1. To what extent can the United States cooperate with China or Russia in the Indo-Pacific?
  2. Where do the United States, China, and Russia share interests, what are the obstacles to cooperation, and where might the United States be able to cooperate, or deepen its cooperation, with one or both powers on the issues of (1) securing a free and open Indo-Pacific, (2) ensuring the defense of key allies and partners, (3) expanding cooperation with new partners in Southeast Asia, (4) ensuring peace in the Taiwan Strait, (5) achieving the denuclearization of North Korea, (6) countering Islamic terrorism in Afghanistan and Southeast Asia, and (7) deepening U.S. geostrategic ties with India?

Can the United States find ways to cooperate with China or Russia in the Indo-Pacific, either to temper geopolitical rivalry or as a strategy to use cooperation with one of the two countries as an advantage against the other? Using official U.S., Chinese, and Russian policy documents, leadership statements, and other sources, the authors of this report assess the prospects for great power cooperation on seven issues: securing a free and open Indo-Pacific, ensuring the defense of key allies and partners, expanding cooperation with new partners in Southeast Asia, ensuring peace in the Taiwan Strait, achieving the denuclearization of North Korea, countering terrorism, and deepening U.S. geostrategic ties with India.

The authors find that, because of the divergence in the three countries' strategic views and policy goals, there is little room for U.S. cooperation with China or Russia in the Indo-Pacific. This implies that cooperation in order to tamp down competitive pressures or to drive wedges between Beijing and Moscow is an unpromising approach to managing ties or competition with these great powers. Instead, the United States will be better off focusing on preparations for long-term competition than striving to turn Beijing and Moscow against each other. This research was completed in September 2020, before the February 2022 Russian invasion of Ukraine and before the U.S. military withdrawal from Afghanistan in August 2021. It has not been subsequently revised.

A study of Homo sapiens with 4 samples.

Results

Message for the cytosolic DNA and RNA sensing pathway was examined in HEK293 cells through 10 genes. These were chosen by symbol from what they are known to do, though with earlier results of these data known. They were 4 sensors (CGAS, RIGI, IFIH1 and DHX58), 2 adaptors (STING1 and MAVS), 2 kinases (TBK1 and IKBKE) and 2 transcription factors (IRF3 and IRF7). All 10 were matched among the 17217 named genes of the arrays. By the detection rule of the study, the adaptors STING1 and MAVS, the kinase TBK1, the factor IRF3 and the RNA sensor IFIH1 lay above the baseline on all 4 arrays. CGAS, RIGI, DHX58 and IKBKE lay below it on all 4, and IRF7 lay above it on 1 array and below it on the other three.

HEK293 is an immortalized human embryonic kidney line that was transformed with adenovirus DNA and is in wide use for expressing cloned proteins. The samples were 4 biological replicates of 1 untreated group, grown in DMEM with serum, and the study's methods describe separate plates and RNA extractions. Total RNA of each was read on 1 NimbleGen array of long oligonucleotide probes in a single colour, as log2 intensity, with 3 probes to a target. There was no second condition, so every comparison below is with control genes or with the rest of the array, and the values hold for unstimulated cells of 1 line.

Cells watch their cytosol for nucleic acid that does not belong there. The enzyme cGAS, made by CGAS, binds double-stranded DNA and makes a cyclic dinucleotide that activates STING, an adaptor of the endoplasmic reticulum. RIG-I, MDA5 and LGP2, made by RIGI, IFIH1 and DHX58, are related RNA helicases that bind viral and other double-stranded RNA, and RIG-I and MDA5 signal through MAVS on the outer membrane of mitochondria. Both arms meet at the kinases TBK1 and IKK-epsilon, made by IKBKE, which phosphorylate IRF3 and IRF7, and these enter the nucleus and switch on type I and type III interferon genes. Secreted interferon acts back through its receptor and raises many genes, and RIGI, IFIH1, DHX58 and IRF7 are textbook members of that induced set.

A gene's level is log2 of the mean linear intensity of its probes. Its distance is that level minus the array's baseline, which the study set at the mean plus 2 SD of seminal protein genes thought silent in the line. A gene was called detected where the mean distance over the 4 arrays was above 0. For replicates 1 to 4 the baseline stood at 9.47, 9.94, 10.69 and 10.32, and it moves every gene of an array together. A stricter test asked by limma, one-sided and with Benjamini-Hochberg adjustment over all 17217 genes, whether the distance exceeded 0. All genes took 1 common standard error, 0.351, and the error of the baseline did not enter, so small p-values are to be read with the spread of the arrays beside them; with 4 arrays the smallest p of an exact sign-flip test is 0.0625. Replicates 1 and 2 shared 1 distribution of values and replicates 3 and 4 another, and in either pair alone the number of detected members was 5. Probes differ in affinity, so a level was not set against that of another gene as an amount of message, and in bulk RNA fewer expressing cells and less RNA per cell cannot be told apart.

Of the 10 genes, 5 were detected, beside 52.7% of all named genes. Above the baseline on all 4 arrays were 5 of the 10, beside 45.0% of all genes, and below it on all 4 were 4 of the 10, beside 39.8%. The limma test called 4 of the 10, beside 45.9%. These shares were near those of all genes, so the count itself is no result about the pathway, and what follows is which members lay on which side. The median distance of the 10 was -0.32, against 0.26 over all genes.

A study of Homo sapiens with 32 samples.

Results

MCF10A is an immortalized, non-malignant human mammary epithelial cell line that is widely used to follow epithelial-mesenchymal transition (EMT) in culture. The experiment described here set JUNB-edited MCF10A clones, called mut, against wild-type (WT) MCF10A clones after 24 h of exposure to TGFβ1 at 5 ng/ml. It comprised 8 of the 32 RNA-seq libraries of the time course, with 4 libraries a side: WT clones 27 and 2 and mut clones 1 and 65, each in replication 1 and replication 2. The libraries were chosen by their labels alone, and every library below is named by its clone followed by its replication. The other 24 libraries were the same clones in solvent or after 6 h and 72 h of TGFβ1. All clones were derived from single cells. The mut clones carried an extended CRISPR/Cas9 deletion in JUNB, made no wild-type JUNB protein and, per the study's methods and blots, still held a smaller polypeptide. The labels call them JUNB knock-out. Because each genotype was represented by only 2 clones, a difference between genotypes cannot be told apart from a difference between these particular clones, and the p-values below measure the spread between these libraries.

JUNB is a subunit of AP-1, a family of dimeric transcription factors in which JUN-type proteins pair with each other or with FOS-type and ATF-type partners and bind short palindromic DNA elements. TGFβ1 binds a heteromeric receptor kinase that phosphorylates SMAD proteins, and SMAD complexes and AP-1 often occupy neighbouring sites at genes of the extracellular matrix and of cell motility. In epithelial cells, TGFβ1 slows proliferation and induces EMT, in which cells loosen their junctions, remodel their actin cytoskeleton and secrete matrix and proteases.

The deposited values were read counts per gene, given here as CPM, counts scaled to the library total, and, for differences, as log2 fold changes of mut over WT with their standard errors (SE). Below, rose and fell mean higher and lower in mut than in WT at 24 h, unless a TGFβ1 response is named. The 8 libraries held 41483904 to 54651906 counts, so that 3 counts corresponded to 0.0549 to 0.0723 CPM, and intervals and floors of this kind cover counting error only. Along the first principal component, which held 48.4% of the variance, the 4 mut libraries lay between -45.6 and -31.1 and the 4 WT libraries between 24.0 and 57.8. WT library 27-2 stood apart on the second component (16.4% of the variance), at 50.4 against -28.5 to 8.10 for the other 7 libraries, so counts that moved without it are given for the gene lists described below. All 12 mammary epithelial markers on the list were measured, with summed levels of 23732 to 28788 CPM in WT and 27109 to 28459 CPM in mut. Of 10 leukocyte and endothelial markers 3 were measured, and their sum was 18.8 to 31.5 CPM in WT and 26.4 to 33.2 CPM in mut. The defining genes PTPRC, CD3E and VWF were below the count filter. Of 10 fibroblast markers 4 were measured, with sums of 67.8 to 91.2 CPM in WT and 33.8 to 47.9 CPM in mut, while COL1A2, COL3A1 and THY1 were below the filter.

Key Findings

  • Both China and Russia regard a free and open Indo-Pacific as cover for U.S. interests that comes at their expense, though the region is far more important for China than for Russia.
  • Both countries are hostile to the current U.S.-centric regional alliance architecture and seek to undermine it to enhance their own influence.
  • Neither country is eager to see the United States deepen strategic cooperation with Indonesia, Malaysia, or Vietnam, with China worried about the impact on regional competition and Russia concerned that these countries might shift their defense purchases to the United States.
  • China regards U.S. efforts to support and defend Taiwan as interference in its internal affairs; Russia is largely irrelevant to this issue.
  • Although both China and Russia oppose North Korean acquisition of nuclear weapons, they regard U.S. efforts to compel North Korea to abandon these through sanctions as destabilizing and unlikely to succeed, and do not support the U.S. approach.
  • Both powers criticize U.S. counterterrorism efforts in Afghanistan and Southeast Asia as a way to erode U.S. global influence and impose costs on Washington, with Russia hoping to tie the United States down in Afghanistan.
  • Neither country is supportive of deepening U.S.-India strategic ties, with China seeing this as a form of containment and Russia regarding it as likely to come at the expense of New Delhi’s traditionally warm relations with and reliance on Moscow.


  • Do not assume that opportunities for cooperation or to divide China and Russia exist but have been overlooked.
  • Prepare for long-term competition but avoid conveying an impression that this connotes a U.S. goal of regime change.
  • Continue to leverage existing U.S.-China military risk reduction mechanisms; expand these to new domains if possible and encourage China to abide by these when engaging with U.S. allies and partners.
  • Do not premise U.S. policy on North Korean denuclearization or withdrawal from Afghanistan on eliciting substantial Chinese or Russian cooperation, but maintain open lines of communication to deconflict in the event of a North Korean collapse.
  • Minimize the impact of cooperation with China or competition with Russia on ties with India, Indonesia, Malaysia, and Vietnam and waive CAATSA (Countering America's Adversaries Through Sanctions Act) sanctions on them.
  • Ensure that Taiwan has the ability to deter and resist coercion by the People's Republic of China.

Research conducted by

The research reported here was commissioned by Headquarters Air Force A-5 Strategy Section and conducted within the Strategy and Doctrine Program of RAND Project AIR FORCE.